Fabio Aru crossed the finish line in Lugano alongside Alberto Contador, safely in the peloton but with the pain and suffering of Tuesday's stage to Aprica still in his legs and still fresh in his mind.
Aru slipped to third overall after being dropped on the Mortirolo and is now 4:52 down on Contador and 50 seconds behind teammate and supposed domestique Mikel Landa. Worryingly for Aru and the Astana team, Andrey Amador (Movistar) is only 56 seconds back and could knock the Sardinian off the podium during the final mountain stages.
Aru has never looked for excuses during his difficult moments at the Giro d'Italia but has toned down his hopes and objectives for the final stages of the Giro, giving the impression he would be happy to hang onto his place on the final podium in Milan.
"It was a huge effort yesterday, I did something like 40km on my own. To be honest I suffered like crazy but tried to focus on losing as little as possible," he explained after pulling on the best young rider's white jersey yet again.
"Today was a lot easier than yesterday but it was not easy because of the wind in the valley. We still went quite hard because of the break and because lots of people wanted to have a go in the sprint. I'm still a little tired after going deep yesterday but I haven't given up mentally. I think my mental ability is one of my strengths. When you have some physical problems, that’s when things get difficult but I fought all the way to the finish in Aprica and I'm determined to fight on in this Giro."
Trying to stay on the podium, trying to stay optimistic
Aru appears to be paying the price for the stomach virus that caused him to lose five kilogrammes and miss the Giro del Trentino, his final race before the Giro d'Italia. His rivals saw signs of his weakness early in the Giro and Contador cruelly exposed them on the stages to Imola and Vicenza before taking back the pink jersey with determination in the long time trial to Valdobbiadene.
Aru's clear lack of power and form in the mountains has forced him to let Mikel Landa take over team leadership in the Giro d'Italia even if Astana's roster was built around Aru. Second and third overall behind Contador is good result for the Astana team after all their licence problems with the UCI but it's clearly not the result they were hoping for.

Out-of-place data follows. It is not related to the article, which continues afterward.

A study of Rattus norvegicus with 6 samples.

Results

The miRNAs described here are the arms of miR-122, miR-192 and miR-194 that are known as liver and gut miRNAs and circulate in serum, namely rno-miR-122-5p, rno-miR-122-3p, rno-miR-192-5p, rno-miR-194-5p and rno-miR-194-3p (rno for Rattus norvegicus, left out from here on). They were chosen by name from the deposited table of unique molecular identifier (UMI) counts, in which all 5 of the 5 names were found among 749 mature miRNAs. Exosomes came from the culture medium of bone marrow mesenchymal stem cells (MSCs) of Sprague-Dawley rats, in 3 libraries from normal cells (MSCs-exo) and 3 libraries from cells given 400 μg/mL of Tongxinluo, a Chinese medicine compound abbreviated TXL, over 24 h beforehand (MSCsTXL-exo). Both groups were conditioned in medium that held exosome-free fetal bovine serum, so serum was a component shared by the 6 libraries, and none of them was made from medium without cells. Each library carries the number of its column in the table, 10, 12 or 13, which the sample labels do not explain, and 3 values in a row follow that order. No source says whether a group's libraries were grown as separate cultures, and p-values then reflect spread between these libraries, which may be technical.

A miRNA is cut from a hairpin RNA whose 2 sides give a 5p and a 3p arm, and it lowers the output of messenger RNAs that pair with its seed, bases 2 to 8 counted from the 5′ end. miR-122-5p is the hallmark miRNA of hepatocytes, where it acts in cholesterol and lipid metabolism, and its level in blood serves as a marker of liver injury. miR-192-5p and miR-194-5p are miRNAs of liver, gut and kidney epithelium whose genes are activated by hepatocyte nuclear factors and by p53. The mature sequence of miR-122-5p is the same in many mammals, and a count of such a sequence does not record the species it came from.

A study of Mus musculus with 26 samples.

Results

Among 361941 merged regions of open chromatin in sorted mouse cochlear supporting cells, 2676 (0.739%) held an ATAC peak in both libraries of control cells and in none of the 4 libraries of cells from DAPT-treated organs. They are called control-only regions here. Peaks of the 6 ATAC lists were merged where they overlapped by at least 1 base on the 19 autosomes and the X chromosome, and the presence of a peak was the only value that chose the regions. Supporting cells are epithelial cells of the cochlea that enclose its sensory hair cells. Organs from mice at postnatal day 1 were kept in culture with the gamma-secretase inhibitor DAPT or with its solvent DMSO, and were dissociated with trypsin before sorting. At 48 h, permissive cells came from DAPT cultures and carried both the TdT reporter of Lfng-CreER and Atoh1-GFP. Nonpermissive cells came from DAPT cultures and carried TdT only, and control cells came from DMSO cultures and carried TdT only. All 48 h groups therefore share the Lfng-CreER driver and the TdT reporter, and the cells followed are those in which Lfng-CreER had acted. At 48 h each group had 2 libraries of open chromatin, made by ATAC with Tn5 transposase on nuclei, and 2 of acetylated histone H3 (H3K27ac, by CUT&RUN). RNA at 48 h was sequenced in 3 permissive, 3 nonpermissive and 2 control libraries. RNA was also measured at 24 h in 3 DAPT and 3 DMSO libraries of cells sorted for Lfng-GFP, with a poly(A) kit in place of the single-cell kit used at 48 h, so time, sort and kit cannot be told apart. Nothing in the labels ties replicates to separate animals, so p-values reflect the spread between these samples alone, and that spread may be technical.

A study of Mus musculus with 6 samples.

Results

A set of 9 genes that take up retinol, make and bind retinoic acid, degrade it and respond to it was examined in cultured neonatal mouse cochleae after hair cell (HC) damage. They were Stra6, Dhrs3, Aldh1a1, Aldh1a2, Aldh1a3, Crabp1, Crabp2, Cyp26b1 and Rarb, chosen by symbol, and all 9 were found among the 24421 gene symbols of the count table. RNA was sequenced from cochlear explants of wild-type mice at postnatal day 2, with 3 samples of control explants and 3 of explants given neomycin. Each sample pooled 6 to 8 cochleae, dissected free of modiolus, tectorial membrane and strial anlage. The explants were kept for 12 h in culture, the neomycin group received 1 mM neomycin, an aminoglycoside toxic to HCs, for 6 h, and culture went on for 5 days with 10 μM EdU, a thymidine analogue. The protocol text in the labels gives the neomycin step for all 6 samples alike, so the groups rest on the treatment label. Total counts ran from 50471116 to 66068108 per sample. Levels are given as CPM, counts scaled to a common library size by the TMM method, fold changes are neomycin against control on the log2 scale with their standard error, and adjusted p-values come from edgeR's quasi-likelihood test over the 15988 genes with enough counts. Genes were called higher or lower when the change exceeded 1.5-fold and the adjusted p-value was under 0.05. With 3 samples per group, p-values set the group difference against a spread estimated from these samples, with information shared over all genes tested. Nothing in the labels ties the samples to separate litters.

Parts of the Italian media suggested that Landa should have stayed loyal to Aru and helped him on the Mortirolo instead of going away with Contador. Others have suggested that Astana made a mistake by attacking when Contador had a puncture. Aru does not agree.
"I think we played the right tactic," he argued.
"Mikel was on a good day and showed it by winning the stage, I was the one who suffered and paid for it. There's been a lot of talk about the attack when Alberto had punctured but we were in the middle of the descent at the time and so nobody really knew what was going on. We only really followed the Katusha team who went for it.
"It's not about who is the team leader, it's about legs. Mikel is going really well, he's second overall, so it's right he gets to play his cards and see what happens."
Aru tried to appease the Italian media by refusing to surrender to Contador but carefully avoided promising to go on the attack and put his podium place at risk.
"For sure we'll try to invent something and sees what happens," he said vaguely.
"We've raced hard for 17 stages and now there are three tough mountain stages to come. We've never really had time to catch our breaths and I'm sure we'll go hard on the last three days as well, before the Giro finishes in Milan.
"I'm focused on the final mountain stags now but even the last climb before the finish in Verbania tomorrow is pretty tough too. If I've got the legs, I'd like to give it a go in the mountains, especially on the Colle delle Finestre. I raced cyclo-cross when I was young and so I like dirt tracks. But it all depends on how my legs are feeling."